Jo Barrett on the Native Ingredients She’s Serving Up at the Australian Open09/02/2021
When chef Jo Barrett began her apprenticeship as a teenager 14 years ago, she had already formed the philosophy that guides her approach to food to this day. “As a chef,” she says, “I want to use the most interesting local produce.”
Barrett believes that eating local produce creates “a sense of place” that connects us to the land, which in turn helps it. “You’re generating low food miles, and the food tastes better because it’s growing in season in the soil you’re surrounded by,” she says. Native ingredients like wattleseed and lemon myrtle “grow here because they’re meant to be here. They thrive in the environment; they don’t demand inputs like extra water and extra power.”
Barrett long-championed local and zero-waste food at the lauded Oakridge Wines restaurant in the Yarra Valley, which she ran with partner and chef Matt Stone until recently. She’s now involved in sustainability evangelist Joost Bakker’s latest futurist project, a two-bedroom, three-storey eco-house experiment in Federation Square, where she and partner-chef Matt Stone are living and growing all their food for the duration of their residency.
Barrett will also be one of four chefs showcasing her expertise with local produce at the Australian Open as part of the AO Chefs Series. Joining her is Mark Briggs of idyllic Paynesville restaurant Sardine Eatery and Bar, Michael Ryan, the owner-chef of Provenance in Beechworth, and Phil Wood, culinary director of Point Leo Estate and Merricks fine diner Laura.
As well as being tasty ingredients, these previously underutilised ingredients make for a talking point on the table. People “are looking for something special or something they haven’t tried before,” says Barrett. Native ingredients often tick that box, especially with the addition of Barrett’s skills.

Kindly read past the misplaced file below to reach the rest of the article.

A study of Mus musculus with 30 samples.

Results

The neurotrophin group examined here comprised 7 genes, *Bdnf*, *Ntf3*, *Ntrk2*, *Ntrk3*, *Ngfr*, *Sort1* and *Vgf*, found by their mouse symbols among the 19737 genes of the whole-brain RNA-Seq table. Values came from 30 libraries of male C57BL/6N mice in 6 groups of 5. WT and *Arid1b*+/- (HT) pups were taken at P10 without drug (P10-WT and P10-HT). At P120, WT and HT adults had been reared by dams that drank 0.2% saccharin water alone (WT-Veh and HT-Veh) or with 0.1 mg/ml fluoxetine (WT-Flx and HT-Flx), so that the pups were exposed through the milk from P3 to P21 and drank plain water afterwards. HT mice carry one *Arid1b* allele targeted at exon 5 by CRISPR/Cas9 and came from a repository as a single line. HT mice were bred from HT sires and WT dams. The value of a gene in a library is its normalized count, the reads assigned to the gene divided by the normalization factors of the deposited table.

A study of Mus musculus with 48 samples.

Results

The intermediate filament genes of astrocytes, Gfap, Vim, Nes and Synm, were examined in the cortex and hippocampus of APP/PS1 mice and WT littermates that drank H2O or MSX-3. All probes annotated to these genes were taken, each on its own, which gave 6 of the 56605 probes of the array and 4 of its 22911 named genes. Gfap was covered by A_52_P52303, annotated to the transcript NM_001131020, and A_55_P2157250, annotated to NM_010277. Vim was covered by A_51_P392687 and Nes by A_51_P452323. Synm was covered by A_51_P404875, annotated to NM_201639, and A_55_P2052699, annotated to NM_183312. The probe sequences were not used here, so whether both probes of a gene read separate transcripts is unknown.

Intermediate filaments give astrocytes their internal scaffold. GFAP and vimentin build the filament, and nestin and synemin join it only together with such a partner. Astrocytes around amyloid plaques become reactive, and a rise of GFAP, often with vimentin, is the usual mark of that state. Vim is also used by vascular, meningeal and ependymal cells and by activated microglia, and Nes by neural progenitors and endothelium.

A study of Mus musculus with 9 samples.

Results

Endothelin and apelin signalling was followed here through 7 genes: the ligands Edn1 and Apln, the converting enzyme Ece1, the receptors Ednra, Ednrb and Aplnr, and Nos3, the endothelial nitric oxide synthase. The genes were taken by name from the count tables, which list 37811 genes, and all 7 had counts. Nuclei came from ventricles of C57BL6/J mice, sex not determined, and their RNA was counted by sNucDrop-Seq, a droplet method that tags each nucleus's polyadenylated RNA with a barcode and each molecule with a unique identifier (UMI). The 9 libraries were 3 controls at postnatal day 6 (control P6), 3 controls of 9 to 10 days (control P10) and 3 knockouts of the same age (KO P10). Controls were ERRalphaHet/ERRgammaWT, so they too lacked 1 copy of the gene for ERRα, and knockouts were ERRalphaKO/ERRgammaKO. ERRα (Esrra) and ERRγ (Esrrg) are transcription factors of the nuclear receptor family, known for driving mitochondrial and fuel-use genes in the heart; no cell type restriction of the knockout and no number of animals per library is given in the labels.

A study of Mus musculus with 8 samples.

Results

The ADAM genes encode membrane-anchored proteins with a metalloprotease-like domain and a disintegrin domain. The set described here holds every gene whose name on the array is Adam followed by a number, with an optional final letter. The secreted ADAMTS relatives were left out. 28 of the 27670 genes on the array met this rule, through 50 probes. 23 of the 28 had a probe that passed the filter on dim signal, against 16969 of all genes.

For example at the 2019 International Federation of Pastry, Gelato and Chocolate World Trophy in Milan, Barrett presented the judges with a dessert featuring eucalyptus, Davidson plum and a garnish of green ants that had everybody talking about edible insects. Far from being viewed as exotic, it’s these kinds of ingredients that “we should be eating” in Australia, says Barrett.
Diners lucky enough to attend one of Barrett’s two Chef Series dinners during the 2021 Australian Open will experience some of these native ingredients first-hand, with Davidson plum, crocodile and rainbow trout appearing on the menu. One of the less recognised native ingredients used by Barrett is Geraldton wax, a native flowering shrub native to Western Australia. “It’s like a pine tree,” says Barrett. The wax flower, popular in floristry, is inedible, but the leaves “taste a bit sour and a bit like bubblegum” and pair well with seafood, says Barrett, who also loves using the leaves in desserts such as the Davidson plum parfait she’ll also be serving.
Other featured menu items include caviar and zucchinis from the Yarra Valley, one of Victoria’s “incredible food bowls” and the home of the restaurant at Oakridge Wines. At Oakridge Barrett and Stone elevated the concept of zero waste to an art form, making nearly everything from scratch. They milled the flour that was used to bake the bread and used leftover milk to make brie.
In 2020, Barrett and Stone moved to the Greenhouse 5.0, a one hundred percent sustainable modern urban farm in Federation Square that aims to be self-sufficient. The Greenhouse features vertical gardens, a mushroom wall and a rooftop vegetable patch where the pair grow beans, zucchinis, peas and even oats, which Barrett recently harvested and rolled herself.
At the Australian Open Chefs Series events, Barrett is looking forward to bringing regional dining to the city and showcasing “really fresh seasonal produce – what you wouldn’t expect at a sporting venue,” she says. Despite a year of disrupted plans for just about everybody in 2020, Barrett says putting together the menu was remarkably easy. After all, she says, “nature keeps on growing. That’s what Covid has taught us – even though our world might go crazy, the natural world will kick on regardless.”
This article first appeared on Broadsheet Melbourne Website and was written in partnership with Tennis Australia.